The Forbidden Orchid by Sharon Biggs Waller
Publisher: Viking Children’s
Publishing Date: March 8
Genre: young adult, historical fiction
Staid, responsible Elodie Buchanan is the eldest of ten sisters living in a small English market town in 1861. The girls’ father is a plant hunter, usually off adventuring through the jungles of China.
Then disaster strikes: Mr. Buchanan fails to collect an extremely rare and valuable orchid, meaning that he will be thrown into debtors’ prison and the girls will be sent to the orphanage or the poorhouse. Elodie’s father has one last chance to return to China, find the orchid, and save the family—and this time, thanks to an unforeseen twist of fate, Elodie is going with him. Elodie has never before left her village, but what starts as fear turns to wonder as she adapts to seafaring life aboard the tea clipper The Osprey, and later to the new sights, dangers, and romance of China.
But even if she can find the orchid, how can she find herself now that staid, responsible Elodie has seen how much the world has to offer?
Elodie Buchanan’s father is a plant hunter, which means she only sees him once a year, and nine months later yet another sister is born. While some of the sisters are resentful of Papa — leaving their mother behind with yet another baby to care for in their small English village, one wrapped around a power-hungry deacon’s finger — Elodie can’t help but admire him and all he represents: adventure, beauty, and freedom. But when he does not return home from China and holes up in a tiny flat in Kew, Elodie takes matters into her own hands. If her father does not venture to China once more to gather a rare and valuable orchid before another threatening plant hunter does, the Buchanan women will be sent to the workhouses. It’s up to Elodie to stow away on a clipper ship, witness the aftermath of the China Wars, experience a culture wholly unlike England, and find the orchid before it’s too late.
I’ll admit I had a few concerns before reading Waller’s sophomore novel. First, I adored A Mad, Wicked Folly, and sometimes it’s hard to beat out your own debut. Second, everything that China represented in the 1860s (poverty, opium, just how utterly terrible the English left them) felt unappealing. It’s just not something I want to read about, even though I know about the terrible history. Plus, ugh, another opium story / another girl-dresses-as-a-boy story? Third, as someone who doesn’t know much about plants or gardening, I thought I would find that aspect of it to be a bore.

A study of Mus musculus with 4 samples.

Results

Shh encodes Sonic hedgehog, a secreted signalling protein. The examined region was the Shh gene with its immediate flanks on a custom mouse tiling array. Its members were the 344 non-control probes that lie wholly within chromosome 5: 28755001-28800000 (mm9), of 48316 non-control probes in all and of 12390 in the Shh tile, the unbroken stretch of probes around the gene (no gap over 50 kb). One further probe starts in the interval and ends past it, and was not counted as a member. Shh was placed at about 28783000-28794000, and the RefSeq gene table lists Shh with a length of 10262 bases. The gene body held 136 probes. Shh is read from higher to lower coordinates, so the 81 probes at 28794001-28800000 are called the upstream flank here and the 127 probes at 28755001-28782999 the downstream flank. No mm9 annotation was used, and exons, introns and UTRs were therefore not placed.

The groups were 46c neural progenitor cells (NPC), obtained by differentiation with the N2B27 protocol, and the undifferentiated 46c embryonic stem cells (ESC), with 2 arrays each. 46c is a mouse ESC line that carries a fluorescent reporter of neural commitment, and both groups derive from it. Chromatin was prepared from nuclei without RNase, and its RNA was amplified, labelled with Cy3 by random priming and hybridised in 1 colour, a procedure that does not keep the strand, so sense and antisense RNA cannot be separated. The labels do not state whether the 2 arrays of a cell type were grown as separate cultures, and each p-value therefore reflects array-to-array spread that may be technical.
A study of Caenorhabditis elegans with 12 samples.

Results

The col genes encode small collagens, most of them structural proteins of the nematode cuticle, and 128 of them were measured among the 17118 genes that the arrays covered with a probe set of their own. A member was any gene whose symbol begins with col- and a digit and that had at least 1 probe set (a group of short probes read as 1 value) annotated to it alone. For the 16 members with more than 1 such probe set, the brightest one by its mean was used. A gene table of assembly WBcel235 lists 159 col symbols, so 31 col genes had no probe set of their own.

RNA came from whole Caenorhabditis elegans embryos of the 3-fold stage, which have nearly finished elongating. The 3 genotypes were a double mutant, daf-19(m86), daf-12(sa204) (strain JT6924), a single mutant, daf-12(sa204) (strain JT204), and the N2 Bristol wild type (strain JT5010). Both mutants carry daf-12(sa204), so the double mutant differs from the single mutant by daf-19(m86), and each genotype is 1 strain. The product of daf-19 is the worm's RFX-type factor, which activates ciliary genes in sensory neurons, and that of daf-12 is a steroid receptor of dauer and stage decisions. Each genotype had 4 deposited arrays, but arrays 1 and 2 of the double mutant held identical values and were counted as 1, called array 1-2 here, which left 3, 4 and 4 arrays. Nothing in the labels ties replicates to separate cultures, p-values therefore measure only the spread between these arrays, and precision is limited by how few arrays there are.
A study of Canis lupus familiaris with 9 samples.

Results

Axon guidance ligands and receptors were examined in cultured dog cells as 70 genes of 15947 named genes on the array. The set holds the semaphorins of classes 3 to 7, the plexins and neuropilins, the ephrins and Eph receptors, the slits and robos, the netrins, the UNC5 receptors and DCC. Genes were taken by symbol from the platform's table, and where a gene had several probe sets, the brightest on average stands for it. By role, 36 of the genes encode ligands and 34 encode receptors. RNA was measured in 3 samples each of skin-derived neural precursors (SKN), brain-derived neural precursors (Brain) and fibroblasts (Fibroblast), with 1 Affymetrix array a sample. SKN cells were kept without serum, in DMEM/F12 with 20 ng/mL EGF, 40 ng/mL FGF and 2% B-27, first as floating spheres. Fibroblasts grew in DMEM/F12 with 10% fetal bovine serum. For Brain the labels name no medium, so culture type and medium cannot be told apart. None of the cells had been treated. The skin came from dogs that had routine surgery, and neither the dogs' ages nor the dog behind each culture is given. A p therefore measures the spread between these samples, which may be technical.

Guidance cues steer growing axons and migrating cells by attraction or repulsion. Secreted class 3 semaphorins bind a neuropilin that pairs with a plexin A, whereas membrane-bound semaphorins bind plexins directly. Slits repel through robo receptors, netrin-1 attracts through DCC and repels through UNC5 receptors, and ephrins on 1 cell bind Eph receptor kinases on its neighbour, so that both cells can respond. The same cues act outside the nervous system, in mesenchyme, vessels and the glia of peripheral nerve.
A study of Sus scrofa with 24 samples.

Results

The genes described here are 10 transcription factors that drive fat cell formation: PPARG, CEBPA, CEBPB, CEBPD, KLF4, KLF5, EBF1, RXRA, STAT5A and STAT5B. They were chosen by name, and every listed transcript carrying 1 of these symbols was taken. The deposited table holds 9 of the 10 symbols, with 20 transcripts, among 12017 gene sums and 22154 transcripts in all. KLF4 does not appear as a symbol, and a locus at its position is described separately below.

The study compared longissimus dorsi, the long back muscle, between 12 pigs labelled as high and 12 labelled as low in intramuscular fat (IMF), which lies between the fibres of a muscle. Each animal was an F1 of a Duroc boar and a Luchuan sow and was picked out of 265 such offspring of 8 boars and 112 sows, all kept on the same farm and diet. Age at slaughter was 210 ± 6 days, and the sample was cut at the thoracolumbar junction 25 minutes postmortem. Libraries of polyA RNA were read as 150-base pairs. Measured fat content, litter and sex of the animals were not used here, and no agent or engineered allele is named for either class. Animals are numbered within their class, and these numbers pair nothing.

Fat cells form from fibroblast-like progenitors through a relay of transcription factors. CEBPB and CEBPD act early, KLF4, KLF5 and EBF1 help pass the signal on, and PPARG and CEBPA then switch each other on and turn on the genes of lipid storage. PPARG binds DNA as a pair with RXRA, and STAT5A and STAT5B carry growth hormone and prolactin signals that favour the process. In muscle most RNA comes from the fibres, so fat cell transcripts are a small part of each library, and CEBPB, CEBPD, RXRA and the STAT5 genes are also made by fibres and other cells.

Let me be the first to tell you that every last scene, sentence, and word was worth it. All the hopes and joys, devastation and heartbreak, beautiful and terrible — all of it was worth it.
Elodie is such a fascinating character. Every visit home her father would bring her books. He believed girls should have proper education just like boys. One Christmas, he brings home Darwin’s Theory of Evolution, and the way Elodie makes sense of it with her faith is encouraging and astounding. One does not negate the other. In fact, she’s able to make science and religion walk hand-in-hand — and the scene with her standing up to her deacon’s ignorance cracked me up. So yes, plants are discussed extensively in here, but it’s just as beautiful to read as it was to read about Vicky and her art. (Plus, also, I had no idea there was such a job as plant hunting. Of course there would be such a job, but that it could be so dangerous, and like a race! Fascinating.) Elodie is frustrated by the freedom a man’s life holds, but she also feels duty-bound to her mother and sisters. That torn feeling is understandably on her mind constantly, but not once did it feel like Waller was projecting 21st-century feminism into a 19th-century mind. I love it when a character stays true to the time!
China is also not romantisized whatsoever, which was a relief. The beauty of the land untouched by war is, of course, observed and appreciated. Elodie learns a lot about Chinese culture through Ching Lan, a girl who joins the expedition to assist with translation and medicinal purposes. The subtle differences between Western and Eastern culture are exposed in such exquisite ways — the concept of honoring one’s family and yet still wanting to be independent and making one’s own choices, the ritual of tea, the way you treat another human to raise their station. But of course, the opium is a huge topic in the book as well. Not a moment of randomly dropping in opium dens just because — there’s a purpose. China was destroyed and the English made these poor people addicted to the drug. It’s prevalent, and it circles back around several times on Elodie’s journey. The meaning behind it only increased the story further.
Finally, the girl-dressed-as-boy bit doesn’t last long. It didn’t feel unnecessary, but that, plus the marriage Elodie had to commit to, didn’t feel forced either. Every second of her situation is a plan gone wrong and her figuring out how to be strong and overcoming it. Her circumstances are less than ideal, but not hopeless. Especially with Alex by her side. He’s always there, but she’s the one doing the thinking, the reacting, the burden of the work. This YA was (blessedly) a Plot A Save the Family, Plot B Self-Discovery & Empowerment, and Plot C Romance. Budding and off to the side, just as Elodie was sorting out her priorities as well.
Waller has convinced me, with this book, that I can read a dark period of history (China Wars) and come out not only knowing so much more (plants, opium, just how tied up women were) but also enjoying the experience of something I was once wary about (adventuring through China for a plant). It’s a cultural, historical journey with a compelling story, a fascinating protagonist, and a complex situation. It was such a joy to read a text so rich and full of life!
Thank you, Sharon, for sending me a galley for review!